Build resilience culture to enable the long-term sustainability of the business
Resilient organizations embrace adversity as a norm rather than the exception which creates a continuous learning experience that allows them to test and refine the business model and state of operating readiness, promoting a culture of prevention and awareness in all areas with a focus on identifying vulnerabilities and weakness.
Resilience doesn’t begin and end with a great risk management team, a good business continuity plan, or a hardened IT system; according to the ISO 22300:2018, resilience is defined as “ability to absorb and adapt in a changing environment”; the key word is “change”. To be resilient, we need to be able to manage through a crisis or a disruption to business as usual, but we also need to see what’s coming down the line, to anticipate and evolve to meet a changing landscape with confidence and have the ability to capitalize on it.
To do that, resilient organizations invest in all levels of their workforce, invest in their leaders, are innovative in times of adversity and invest in their client base, keeping also in mind that a resilient organizational culture is largely built upon leadership and is one that fosters trust, accountability and flexibility giving all employees permission to take care of their physical, mental, emotional, and spiritual needs.
We can describe 6 traits of resilience:
- Coherence, Adaptive Capacity, and Agility: these traits represent internal capabilities and are vital in response to an escalating issue or crisis; a coherent, adaptive, and agile mindset needs to be embedded in the culture of the entire organization. All of us can benefit from becoming more resilient, making us better able to face crisis, recover, and adapt.
- Relevance, Reliability, and Trust: these traits represent the organization’s relationships with customers, business partners, and other stakeholders, which are equally important to the organization’s ability to respond to change.
To support the introduction of resilience into the culture some steps can be considered:
- Leadership commitment. Resilient cultures begin with leaders who understand and support building resilience at the individual and organizational level;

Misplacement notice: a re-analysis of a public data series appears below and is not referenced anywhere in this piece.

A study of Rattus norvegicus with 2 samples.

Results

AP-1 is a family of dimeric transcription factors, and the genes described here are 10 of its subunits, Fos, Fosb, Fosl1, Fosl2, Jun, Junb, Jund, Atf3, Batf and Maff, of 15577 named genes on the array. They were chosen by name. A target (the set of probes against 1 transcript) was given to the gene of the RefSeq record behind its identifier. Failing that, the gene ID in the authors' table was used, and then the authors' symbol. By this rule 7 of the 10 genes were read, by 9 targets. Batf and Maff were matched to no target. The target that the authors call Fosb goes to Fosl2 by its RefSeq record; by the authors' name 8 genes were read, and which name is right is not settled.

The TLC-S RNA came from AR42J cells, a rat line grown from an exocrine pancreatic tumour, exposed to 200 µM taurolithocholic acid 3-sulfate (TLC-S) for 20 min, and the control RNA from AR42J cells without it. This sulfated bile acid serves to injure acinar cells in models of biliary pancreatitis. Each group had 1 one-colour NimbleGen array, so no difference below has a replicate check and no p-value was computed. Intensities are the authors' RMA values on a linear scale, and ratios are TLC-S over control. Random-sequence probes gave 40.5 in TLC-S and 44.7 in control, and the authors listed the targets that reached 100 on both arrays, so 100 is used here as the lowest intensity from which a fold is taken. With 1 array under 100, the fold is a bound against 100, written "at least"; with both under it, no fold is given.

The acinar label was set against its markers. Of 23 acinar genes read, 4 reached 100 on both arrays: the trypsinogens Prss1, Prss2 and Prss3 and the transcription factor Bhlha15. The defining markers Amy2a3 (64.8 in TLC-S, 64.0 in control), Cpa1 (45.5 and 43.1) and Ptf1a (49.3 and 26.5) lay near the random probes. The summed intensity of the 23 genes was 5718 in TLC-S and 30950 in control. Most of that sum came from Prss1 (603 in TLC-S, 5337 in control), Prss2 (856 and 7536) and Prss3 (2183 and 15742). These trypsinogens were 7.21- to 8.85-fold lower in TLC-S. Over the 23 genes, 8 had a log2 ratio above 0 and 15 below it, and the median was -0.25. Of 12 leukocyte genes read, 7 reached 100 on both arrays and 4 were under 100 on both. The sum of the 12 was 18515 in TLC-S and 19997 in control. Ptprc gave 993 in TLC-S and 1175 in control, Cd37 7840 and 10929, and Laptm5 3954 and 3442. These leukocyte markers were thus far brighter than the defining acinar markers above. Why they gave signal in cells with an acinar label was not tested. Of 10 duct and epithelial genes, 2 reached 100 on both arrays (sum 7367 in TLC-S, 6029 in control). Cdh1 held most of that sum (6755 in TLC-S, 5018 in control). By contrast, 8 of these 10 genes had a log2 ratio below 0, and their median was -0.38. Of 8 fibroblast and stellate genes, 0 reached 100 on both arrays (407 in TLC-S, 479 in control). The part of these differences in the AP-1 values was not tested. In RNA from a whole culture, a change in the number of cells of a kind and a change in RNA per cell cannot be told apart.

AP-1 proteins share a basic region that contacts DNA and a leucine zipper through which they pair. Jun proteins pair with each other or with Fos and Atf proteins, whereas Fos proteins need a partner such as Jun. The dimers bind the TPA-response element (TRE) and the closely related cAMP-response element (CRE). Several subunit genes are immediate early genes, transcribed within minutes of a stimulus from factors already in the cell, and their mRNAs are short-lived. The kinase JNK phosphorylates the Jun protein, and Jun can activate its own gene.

- Build safe and secure work communities. By building work communities that are safe and secure, yet also encouraging and stimulating, the teams can be more productive, satisfied, and high-performing;
- Encourage all employees, from the CEO down, to embrace tips to increase energy and productivity;
- Develop policies and practices that empower employees to build resilience and have senior leaders lead by example keeping in mind that the key to resilient organizational culture is empowerment.
Lastly, considering that the organization's culture is impossible to conceal because it can be observed almost everywhere, internal or third-party audits can support the overall resilience culture building proving to foster employee trust and help keep organizations healthy and strong by alerting management to any drift from desired cultural values.
About the author
Internal Audit Manager
Laura Zarrillo is Member of the Board of the BCI Italy Chapter and Internal Audit Manager of Borsa Italiana S.p.A.
• She worked as Business Continuity, Service and Quality Manager at London Stock Exchange Group and, previously, as Consultant at NTT Data Group. Her consulting work involved organizations in the Finance, Telecommunications & Media, Oil & Gas, Chemical sectors.
• She earned a Master Degree in Management Engineering from Genoa University and Autònoma University of Barcelona, Executive Education in Risk Management from Frankfurt School of Finance & Management, MBCI, IRMCert, ITIL Foundation V4 and Lead Auditor certification for ISO 22301, 27001, 20000, 9001 standards.